Tempted to ignore the EU privacy laws? Rather use this guide to navigate them
The document is long and complex, but here are six key points to start with
May 25 has come and gone; we are all very aware of the GDPR, the European Union’s new set of data privacy laws.
It might be tempting to think that because you’re in SA, these laws don’t affect you or your company, but the EU is serious about its citizens’ privacy and complacency would be a mistake.
South African organisations that fall within the ambit of the General Data Protection Regulation have a very real obligation to comply with the legislation.
The GDPR makes it a legal obligation to process personal information in a manner that does not infringe on a data subject’s privacy.
Apart from crippling sanctions for failure to do so, compliance can lead to many opportunities and EU investments for South African organisations.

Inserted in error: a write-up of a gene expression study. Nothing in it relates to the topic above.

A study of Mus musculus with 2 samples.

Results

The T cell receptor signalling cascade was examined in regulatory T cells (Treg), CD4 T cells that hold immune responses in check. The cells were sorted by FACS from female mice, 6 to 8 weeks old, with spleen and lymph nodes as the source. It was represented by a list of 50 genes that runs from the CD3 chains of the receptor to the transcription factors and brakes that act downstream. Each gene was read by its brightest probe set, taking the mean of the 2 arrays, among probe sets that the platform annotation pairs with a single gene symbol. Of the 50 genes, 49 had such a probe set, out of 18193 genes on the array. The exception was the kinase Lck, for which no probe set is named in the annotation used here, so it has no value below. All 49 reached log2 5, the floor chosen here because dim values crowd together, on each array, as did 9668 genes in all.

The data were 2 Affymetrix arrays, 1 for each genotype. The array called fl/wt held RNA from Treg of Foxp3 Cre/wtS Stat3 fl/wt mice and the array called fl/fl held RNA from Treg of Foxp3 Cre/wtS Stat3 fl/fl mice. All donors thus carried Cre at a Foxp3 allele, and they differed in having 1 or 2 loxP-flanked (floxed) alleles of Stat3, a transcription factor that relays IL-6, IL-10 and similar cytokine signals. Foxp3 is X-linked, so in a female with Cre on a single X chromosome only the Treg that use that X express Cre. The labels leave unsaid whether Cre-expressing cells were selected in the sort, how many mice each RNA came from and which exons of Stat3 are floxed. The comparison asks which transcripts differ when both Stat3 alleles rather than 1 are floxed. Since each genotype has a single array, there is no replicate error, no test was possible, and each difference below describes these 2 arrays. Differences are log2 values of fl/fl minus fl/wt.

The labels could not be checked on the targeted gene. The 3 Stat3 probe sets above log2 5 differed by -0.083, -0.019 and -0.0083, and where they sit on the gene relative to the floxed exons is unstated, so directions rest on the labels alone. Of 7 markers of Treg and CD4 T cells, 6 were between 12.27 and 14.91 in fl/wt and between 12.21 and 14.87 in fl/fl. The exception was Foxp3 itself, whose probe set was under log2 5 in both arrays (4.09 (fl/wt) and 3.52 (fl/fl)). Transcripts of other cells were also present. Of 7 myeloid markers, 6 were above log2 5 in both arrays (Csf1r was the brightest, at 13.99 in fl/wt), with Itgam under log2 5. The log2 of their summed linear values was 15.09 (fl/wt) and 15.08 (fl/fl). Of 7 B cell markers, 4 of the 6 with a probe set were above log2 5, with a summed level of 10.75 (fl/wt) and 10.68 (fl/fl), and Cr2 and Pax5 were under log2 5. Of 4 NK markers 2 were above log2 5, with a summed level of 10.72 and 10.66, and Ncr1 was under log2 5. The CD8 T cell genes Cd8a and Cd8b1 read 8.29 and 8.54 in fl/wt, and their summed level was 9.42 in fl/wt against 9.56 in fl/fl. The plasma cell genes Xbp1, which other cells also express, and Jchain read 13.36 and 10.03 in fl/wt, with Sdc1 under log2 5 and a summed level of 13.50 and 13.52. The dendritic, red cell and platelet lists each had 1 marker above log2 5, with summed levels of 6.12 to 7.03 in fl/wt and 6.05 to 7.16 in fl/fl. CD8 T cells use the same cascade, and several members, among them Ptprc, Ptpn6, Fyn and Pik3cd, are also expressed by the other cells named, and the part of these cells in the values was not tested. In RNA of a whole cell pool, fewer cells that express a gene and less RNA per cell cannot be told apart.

If you haven’t already, it is highly recommended that you start your GDPR compliance exercise now.
The GDPR document is long and complex, consisting of 99 articles, but here are six key points to start with:
1. The territorial scope is wide and compliance is mandatory if you process EU citizens’ data — it does not matter if you’re in South Africa or Antarctica, if you process EU data then you are subject to the GDPR.
2. Clear, unambiguous consent is important.
3. Data subjects must be given a clear, simply drafted privacy notice.
4. GDPR provides for the right to be forgotten.
5. Data subjects are entitled to have their data deleted, corrected and made available to them.
6. Noncompliance and gross negligence can result in a fine of 4% of your global revenue.
• Beharilal is from PPM Attorneys. This is the first in a series of articles on the GDPR.